Enchondroma is a relatively common yet benign tumor consisting of cartilage that appears inside the bone. An enchondroma commonly appears in the short tubular bones of the hands and feet. It also can be found in larger long bones, such as the humerus, femur and tibia. The majority of patients have no symptoms or difficulties related to the tumor, so most tumors are diagnosed as an incidental finding on imaging studies done for unrelated conditions. Because so many cases go undiagnosed, it is difficult to determine exactly how common enchondromas are.

While an enchondroma is most commonly seen in people between the ages of 10 and 20, it is not unusual to see it in others as well. Both males and females are equally affected by this type of bone tumor. In less than one percent of all cases these tumors transform into a malignant chondrosarcoma. Many cases go untreated and even undiagnosed because the tumor is so benign in nature. However, at the onset of any aggressive signs, surgical removal may be recommended. On occasion, an enchondroma may weaken the bone to a degree that necessitates removal and fixation to prevent a fracture.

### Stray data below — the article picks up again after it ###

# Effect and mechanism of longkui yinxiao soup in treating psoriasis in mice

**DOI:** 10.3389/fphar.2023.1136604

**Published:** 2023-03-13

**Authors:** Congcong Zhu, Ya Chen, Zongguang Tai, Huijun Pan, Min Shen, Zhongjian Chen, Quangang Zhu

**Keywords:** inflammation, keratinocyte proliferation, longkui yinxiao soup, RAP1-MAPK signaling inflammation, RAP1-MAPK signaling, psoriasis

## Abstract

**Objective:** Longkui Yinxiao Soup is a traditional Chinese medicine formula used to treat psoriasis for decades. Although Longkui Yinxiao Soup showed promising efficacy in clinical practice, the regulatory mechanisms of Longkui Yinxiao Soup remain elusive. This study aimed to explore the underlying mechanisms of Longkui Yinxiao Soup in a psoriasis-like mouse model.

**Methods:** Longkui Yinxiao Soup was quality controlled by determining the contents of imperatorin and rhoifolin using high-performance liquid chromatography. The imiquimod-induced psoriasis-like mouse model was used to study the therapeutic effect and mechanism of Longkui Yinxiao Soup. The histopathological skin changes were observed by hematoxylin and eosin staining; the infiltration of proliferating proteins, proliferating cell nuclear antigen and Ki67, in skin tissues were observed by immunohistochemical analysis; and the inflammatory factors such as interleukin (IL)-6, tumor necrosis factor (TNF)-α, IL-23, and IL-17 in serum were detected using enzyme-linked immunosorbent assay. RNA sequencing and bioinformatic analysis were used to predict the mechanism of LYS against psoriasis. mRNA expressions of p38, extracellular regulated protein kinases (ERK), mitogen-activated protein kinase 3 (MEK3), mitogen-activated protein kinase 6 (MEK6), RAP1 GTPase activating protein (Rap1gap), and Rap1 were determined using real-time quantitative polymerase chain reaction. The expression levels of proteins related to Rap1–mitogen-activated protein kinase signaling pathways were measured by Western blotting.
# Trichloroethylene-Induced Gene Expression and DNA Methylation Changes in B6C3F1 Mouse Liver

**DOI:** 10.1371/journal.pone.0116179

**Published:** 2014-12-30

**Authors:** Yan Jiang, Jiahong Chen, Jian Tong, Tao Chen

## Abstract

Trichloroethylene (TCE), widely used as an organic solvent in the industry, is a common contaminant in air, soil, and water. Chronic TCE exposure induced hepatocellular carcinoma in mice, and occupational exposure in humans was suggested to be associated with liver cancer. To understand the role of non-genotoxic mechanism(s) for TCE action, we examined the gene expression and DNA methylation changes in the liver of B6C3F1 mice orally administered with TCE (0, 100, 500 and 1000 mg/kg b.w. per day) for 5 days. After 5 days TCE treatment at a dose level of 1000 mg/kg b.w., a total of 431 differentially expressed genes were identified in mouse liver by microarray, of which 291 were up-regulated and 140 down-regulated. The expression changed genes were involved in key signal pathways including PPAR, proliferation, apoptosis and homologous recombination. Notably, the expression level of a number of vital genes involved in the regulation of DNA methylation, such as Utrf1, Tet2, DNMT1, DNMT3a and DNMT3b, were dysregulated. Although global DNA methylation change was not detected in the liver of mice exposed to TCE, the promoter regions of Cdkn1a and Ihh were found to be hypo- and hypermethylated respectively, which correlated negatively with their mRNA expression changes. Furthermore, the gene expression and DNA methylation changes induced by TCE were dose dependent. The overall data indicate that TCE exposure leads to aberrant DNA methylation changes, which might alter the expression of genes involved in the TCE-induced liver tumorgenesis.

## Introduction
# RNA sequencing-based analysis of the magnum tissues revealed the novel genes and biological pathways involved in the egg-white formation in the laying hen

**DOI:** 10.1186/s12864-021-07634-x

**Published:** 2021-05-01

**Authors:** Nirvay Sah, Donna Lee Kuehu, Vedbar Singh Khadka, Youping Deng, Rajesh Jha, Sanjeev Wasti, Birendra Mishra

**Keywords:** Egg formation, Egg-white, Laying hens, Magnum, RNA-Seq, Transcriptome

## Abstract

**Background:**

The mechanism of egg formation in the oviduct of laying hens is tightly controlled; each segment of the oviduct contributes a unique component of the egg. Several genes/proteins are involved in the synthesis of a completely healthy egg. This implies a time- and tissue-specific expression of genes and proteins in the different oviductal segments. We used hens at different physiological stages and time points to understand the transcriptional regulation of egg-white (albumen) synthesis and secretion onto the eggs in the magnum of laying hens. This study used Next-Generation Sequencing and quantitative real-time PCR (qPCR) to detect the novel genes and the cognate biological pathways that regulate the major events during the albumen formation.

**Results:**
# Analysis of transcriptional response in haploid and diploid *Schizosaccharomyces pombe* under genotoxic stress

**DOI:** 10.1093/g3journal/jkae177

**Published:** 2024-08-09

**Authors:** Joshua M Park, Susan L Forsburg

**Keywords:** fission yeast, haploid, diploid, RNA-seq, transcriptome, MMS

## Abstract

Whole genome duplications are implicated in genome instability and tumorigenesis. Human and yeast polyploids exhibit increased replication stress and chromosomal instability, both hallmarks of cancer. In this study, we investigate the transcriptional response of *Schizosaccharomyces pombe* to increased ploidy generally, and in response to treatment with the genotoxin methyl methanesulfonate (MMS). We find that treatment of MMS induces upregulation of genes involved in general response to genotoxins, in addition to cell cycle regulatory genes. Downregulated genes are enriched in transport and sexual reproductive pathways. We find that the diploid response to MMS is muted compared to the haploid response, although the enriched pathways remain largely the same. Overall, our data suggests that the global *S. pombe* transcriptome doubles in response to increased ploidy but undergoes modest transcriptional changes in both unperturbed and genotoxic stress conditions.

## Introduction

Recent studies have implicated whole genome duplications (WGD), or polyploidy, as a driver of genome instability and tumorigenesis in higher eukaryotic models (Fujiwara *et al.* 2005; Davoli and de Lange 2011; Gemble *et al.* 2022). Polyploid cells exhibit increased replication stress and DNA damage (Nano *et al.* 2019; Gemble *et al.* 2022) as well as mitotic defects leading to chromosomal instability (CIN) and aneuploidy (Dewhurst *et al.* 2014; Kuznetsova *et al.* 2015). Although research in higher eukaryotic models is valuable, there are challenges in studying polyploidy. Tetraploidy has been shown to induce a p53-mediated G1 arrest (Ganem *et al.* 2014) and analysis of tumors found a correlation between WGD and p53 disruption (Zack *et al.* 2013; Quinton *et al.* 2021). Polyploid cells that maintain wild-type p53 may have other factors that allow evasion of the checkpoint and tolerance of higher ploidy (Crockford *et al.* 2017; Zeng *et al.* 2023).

There are few known causes of enchondroma. While this disease is still being researched, there are a few findings that can give some insight into what causes enchondroma. Many researchers believe that the sole cause of enchondroma lies in the genetic makeup of the person who has it. While this disease is not inherited, it is thought to be a malfunction of the genes for cartilage growth and development.


Enchondroma is benign by nature, but can develop in various states:

  • Solitary enchondroma – This is the most common form of enchondroma, and affects people at such a mild level that many times it goes undetected. As the name states, solitary enchondroma affects a person in only one instance. It is rare to find multiple instances at the same site.
  • Ollier’s disease – This is a form of enchondromatosis with a prevalence in about one out of every 100,000 people. This sporadic disorder results in multiple enchondromas forming throughout the skeleton. This is often accompanied by a disturbance in the growth of the long bones of the extremities. Nearly 30 percent of patients will develop a chondrosarcoma over their lifetime. 
  • Maffucci syndrome – Another form of enchondromatosis, where multiple enchondromas and multiple hemangiomas develop. This condition is closely related to Ollier’s disease, but carries a significantly greater risk of developing a chondrosarcoma.

The multidisciplinary team of musculoskeletal oncology experts at Northwell Health Orthopaedic Institute treats enchondroma as well as a broad range of conditions that affect the bones.